So, late-launching millennial, you've found yourself moving back into a time warp of retro music posters, loudly coloured walls, furry furniture and an unacceptable single bed. You're either: part of a new crop of graduates, a time biding naval gazer or a career starter putting some money in the kitty for the future.
Recent research shows that our phones are proven to be affecting the way we talk, think, have sex, eat and even go to the loo. We have become slaves to technology, only this time, our hands are handcuffed to our phones. Those red circular icons on our home screens have become our very own version of a newborn baby crying out for attention.
I have four teenage children, so as you can imagine, wi-fi usage is pretty high in our house. They each have several connected devices and they use all of them, (a lot!), both at home and when out and about. They are pretty typical teenagers and like their peers are really interested in new technologies. For them, tech is cool. For me, their attitude heralds great things.
You think you've finally found the perfect place; you've dazzled them with your charm, wit and perfect blend of 'I'm serious and clean, but obviously totally easy-going and fun' and then, BANG, you get the news: 'Thank you very much for your interest in the room but we've decided to go with someone else'. Brutal.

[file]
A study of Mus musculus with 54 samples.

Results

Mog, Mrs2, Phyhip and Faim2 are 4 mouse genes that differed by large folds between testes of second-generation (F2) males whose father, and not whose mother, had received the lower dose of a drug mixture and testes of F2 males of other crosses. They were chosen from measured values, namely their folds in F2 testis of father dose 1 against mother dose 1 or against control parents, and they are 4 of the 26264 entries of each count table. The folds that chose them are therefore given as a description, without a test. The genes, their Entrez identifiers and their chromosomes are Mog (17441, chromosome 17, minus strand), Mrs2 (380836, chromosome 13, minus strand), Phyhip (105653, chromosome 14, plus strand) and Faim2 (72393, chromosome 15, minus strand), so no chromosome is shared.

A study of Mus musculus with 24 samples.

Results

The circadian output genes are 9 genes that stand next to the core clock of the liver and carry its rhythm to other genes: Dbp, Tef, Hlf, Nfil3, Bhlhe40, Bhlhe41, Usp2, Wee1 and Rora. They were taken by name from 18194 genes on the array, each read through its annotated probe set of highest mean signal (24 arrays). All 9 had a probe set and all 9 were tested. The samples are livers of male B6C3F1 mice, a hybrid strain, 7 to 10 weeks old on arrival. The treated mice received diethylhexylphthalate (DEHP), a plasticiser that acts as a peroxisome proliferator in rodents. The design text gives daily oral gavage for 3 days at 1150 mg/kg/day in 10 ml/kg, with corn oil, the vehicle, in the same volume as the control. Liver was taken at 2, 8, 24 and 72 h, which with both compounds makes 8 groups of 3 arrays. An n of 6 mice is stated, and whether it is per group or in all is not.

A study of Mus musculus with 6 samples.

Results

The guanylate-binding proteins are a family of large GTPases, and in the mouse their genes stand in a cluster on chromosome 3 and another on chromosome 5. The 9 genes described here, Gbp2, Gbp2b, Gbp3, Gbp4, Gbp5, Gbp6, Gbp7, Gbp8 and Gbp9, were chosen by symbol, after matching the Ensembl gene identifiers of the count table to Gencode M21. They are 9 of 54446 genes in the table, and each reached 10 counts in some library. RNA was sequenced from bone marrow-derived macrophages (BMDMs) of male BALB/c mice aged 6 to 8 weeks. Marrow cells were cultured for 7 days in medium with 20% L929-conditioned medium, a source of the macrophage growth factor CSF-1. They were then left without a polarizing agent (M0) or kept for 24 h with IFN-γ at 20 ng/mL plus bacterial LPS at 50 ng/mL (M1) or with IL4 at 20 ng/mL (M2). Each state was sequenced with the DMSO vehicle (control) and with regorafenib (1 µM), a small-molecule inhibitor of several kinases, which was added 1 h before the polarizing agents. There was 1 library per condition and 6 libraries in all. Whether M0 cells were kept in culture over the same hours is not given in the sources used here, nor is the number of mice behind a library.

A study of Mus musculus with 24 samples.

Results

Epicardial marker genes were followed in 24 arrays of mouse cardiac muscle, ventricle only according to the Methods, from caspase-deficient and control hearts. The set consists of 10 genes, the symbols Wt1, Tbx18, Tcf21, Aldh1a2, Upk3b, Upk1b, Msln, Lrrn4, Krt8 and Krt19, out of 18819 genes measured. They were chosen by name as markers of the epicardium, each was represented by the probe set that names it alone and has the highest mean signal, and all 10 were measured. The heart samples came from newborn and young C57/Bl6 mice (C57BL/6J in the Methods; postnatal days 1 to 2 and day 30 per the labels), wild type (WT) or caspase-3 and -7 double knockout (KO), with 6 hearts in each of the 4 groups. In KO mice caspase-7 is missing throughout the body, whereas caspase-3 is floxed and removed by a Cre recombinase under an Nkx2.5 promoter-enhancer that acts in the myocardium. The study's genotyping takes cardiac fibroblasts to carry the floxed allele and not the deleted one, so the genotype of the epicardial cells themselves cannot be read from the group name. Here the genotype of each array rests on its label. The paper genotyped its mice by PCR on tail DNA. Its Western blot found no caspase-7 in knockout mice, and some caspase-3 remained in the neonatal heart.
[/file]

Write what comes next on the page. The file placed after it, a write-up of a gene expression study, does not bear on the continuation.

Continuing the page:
Breaking news used to be just that: hard news, a big story that had just happened. Today rolling 24/7 TV news shows need their yellow ticker to contain something all the time. They're no longer content to have no ticker when there's nothing to say. The ticker has become a roundup of all stories breaking or not. Where do they go from here? What happens when there is some real breaking news?
One of the familiar gripes of those opposed to immigration is that we don't talk about it; but if you're a migrant, it feels like we do little else. Early February show on Channel 5, the Big British Immigration Row, sums up everything that's wrong with the current discourse on immigration: lots of heat and very little light.